Analysis: The bad, the worse and the ugly

What happens when an inferiorly-talented team is out-played on the field and out-coached on the sidelines? Well, Syracuse wins 31-13, and leaves Rutgers searching for answers. The Scarlet Knights were confused by the Orange's game plan, and never got untracked. But, hey, given the youth at some of the key positions, Rutgers still has a chance to finish with a 9-3 mark.

Before Syracuse ran its first play, before the defense was truly confused and incapable of stopping the Orange in the first half, the tone was set for Rutgers' 31-13 loss when the Scarlet Knights jumped offsides.

While Rutgers coach Greg Schiano smartly tried to direct all the venom from fans and fault for Saturday's abysmal showing on himself, the players deserved plenty of blame as well.

Two offsides calls against the defense within the first four snaps is unacceptable, and missed tackles and a lack of enthusiasm defensively were as much to blame as preparation.

For the first time, Rutgers quarterback Tom Savage looked like a true freshman, and if it didn't happen then he would have defied logic because someone was going to come up with blitz and coverage schemes to confuse him.

However, it is too early to make a snap judgment and say the season is in tatters, and the coach doesn't know what he is doing.

This is the same staff that game-planned brilliantly against South Florida, and the same players who beat up the Bulls.

Nearly everyone involved had a poor game for Rutgers. As unsettling as it is, things like this happen, especially after a bunch of young men are told for a week how wonderful they are because they trounced a ranked opponent the week prior.

There were a number of distressing things, though, beginning with the time it took for Rutgers to adjust to what Syracuse was doing.

Offensively, the Orange ran the option, and did so out of formations in which the ball wasn't always given to someone lining up in the backfield, and the Scarlet Knights couldn't come up with an answer until halftime.

Syracuse's expert deception began with backup quarterback Ryan Nassib running the option, and Antwon Bailey sweeping and reversing for 51 yards on three carries on the game's first drive. It didn't help Rutgers' time to adjust last just three plays, when Savage tried to force a ball down the seam and it was intercepted by waiting safety Mike Holmes.

As if Rutgers' defense wasn't confused enough, Syracuse's deception continued on the next drive with quarterback Greg Paulus under center, either handing off or getting the ball out to the sideline for a quick pass.

Rutgers' defense looked slow, but that will happen to any defense trying to think rather than read and react.

Schiano said he and the coaching staff are shouldering the blame because they didn't help the players adjust quickly enough to what Syracuse was doing, and that was evident defensively. The Orange had 149 yards of offense and led 14-0 after the first quarter, and scored on four of its five first-half possessions.

But adjustments were made in the second half as Rutgers' linebackers settled on their gap integrity and played closer to the edge of the line of scrimmage. Syracuse's only score of the second half came with 4:44 to play, after the Scarlet Knights' chance for a rally was snuffed out by Savage's second interception.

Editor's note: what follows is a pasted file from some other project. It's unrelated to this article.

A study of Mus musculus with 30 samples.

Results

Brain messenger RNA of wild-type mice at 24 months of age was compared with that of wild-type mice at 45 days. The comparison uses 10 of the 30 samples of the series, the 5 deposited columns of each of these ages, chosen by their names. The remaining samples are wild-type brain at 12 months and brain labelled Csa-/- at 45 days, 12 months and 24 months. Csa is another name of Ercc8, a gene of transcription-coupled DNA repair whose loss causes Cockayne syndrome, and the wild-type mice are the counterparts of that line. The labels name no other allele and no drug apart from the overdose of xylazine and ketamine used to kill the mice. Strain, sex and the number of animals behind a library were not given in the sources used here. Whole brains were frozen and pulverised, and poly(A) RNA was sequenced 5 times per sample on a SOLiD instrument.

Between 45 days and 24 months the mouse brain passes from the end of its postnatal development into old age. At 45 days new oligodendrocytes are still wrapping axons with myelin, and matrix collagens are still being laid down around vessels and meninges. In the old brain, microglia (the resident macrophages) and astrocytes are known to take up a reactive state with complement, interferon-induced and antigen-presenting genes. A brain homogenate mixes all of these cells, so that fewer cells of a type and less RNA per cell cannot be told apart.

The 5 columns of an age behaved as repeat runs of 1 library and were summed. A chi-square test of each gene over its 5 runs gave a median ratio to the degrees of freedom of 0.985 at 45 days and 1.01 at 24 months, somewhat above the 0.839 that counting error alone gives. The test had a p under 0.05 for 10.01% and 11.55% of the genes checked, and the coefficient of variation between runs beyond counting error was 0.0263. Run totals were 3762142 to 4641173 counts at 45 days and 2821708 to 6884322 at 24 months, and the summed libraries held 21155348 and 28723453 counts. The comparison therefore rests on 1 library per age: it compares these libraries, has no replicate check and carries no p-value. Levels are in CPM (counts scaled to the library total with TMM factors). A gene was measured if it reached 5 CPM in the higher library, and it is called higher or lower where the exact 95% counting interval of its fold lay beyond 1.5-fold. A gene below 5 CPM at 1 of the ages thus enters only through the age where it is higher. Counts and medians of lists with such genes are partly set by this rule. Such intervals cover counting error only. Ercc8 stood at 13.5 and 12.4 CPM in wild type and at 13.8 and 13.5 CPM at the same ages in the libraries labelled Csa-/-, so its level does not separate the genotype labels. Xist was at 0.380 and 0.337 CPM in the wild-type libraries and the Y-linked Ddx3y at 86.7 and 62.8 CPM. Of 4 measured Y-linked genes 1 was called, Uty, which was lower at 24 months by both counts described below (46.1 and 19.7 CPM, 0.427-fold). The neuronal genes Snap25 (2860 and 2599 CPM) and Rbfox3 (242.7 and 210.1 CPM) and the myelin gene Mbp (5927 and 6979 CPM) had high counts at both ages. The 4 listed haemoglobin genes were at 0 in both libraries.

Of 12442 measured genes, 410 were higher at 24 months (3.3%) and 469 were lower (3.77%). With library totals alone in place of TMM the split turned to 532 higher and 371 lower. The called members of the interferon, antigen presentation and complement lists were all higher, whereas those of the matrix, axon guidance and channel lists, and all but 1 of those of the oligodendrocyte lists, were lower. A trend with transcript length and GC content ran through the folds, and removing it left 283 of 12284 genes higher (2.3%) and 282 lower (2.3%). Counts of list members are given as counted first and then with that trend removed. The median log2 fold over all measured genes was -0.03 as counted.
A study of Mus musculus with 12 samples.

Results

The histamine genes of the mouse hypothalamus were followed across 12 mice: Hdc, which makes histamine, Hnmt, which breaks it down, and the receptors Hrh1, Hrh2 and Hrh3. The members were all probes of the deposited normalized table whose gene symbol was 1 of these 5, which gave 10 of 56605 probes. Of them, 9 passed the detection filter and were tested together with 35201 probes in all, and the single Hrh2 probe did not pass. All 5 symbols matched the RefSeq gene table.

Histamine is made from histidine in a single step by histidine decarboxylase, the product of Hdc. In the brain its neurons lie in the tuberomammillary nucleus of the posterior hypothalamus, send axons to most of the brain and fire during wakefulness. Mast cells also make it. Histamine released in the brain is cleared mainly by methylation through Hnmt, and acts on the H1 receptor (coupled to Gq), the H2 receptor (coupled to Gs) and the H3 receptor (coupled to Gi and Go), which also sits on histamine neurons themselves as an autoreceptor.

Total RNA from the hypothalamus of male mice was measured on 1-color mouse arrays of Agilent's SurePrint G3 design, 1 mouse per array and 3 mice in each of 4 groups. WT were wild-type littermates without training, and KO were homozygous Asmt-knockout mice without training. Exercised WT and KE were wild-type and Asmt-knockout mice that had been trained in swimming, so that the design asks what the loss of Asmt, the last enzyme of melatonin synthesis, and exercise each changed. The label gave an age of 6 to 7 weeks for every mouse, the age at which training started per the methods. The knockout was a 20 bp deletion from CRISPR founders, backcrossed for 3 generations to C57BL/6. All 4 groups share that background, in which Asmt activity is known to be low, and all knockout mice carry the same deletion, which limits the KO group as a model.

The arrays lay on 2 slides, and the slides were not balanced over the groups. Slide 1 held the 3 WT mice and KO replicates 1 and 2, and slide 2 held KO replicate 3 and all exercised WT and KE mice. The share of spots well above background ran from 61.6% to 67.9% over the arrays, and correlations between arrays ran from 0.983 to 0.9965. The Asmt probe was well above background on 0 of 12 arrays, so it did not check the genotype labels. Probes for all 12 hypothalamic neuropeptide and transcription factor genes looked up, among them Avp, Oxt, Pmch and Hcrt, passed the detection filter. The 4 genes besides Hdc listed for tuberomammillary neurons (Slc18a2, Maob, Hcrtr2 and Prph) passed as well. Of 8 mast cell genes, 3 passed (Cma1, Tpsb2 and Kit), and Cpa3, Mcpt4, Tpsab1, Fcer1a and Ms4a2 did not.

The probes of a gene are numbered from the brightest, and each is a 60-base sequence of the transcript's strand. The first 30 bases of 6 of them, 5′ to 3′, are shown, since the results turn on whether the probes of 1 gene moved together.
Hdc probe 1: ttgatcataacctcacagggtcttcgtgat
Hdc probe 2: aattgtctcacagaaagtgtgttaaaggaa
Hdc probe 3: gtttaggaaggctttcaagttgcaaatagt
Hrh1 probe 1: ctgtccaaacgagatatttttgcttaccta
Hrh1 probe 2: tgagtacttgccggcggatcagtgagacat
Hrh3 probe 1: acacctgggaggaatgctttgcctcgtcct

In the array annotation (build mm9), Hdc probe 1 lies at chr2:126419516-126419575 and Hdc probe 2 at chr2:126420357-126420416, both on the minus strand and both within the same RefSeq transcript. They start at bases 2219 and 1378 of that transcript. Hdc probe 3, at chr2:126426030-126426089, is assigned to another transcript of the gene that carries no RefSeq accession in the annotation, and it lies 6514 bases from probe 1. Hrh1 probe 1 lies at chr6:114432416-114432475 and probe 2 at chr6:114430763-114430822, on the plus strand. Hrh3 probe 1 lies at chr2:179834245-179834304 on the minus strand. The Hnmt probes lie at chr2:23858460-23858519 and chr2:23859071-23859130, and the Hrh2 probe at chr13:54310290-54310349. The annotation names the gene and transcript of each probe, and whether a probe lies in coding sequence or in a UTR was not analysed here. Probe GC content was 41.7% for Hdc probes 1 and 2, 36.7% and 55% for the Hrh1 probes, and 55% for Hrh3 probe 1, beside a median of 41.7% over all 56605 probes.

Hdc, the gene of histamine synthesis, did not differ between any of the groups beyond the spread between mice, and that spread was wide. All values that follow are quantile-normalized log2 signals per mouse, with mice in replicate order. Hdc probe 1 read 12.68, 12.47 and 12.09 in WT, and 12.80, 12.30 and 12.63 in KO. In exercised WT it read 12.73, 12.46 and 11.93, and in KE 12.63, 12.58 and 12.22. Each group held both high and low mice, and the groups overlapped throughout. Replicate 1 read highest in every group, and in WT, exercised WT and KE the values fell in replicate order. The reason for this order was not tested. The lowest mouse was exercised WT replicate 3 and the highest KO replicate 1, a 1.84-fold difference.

Offensively, the issue was protecting Savage.

He was sacked nine times, hit a bunch more and never figured out where Syracuse's next blitz was coming from.

The most confusing aspect for Savage was his protection calls. Not only was the Orange blitzing from everywhere with no hint of tipping its pressure point, but the offensive line reacted slowly even when the pressure came through the middle.

And running back Joe Martinek had trouble with several blitz pickups, creating less comfort for Savage it the pocket.

As several players and Schiano said in the aftermath, Rutgers wound up chasing the game, and this offense is incapable of that.

Even with a freshman quarterback, the Scarlet Knights use the pass to set up the run, which is the biggest indictment of the capabilities of the offensive line to run block.

Falling behind 21-2 midway through the second quarter did not allow Rutgers to play to a strength, and didn't give the Scarlet Knights methodical running game time to wear down Syracuse's defense.

The staff also had finer days.

Rutgers got a delay of game on a third-and-40, and coming out of a timeout. There were also instances where the Scarlet Knights' defense didn't line up quick enough coming out of timeouts and were beaten by Syracuse's bunched receiver set.

Hey, at least the special teams did well in blocking three kicks.

Bad games happen. Folks hate it, and have a hard time understanding it, but bad games still happen.

What made this worse is Rutgers coaches and played its worst game of the season after its finest.

Rutgers still has a shot to go 9-3 – yes, the non-conference schedule is soft -- and considering the Scarlet Knights start a freshman quarterback and two of their top three receivers are freshman, that isn't too shabby.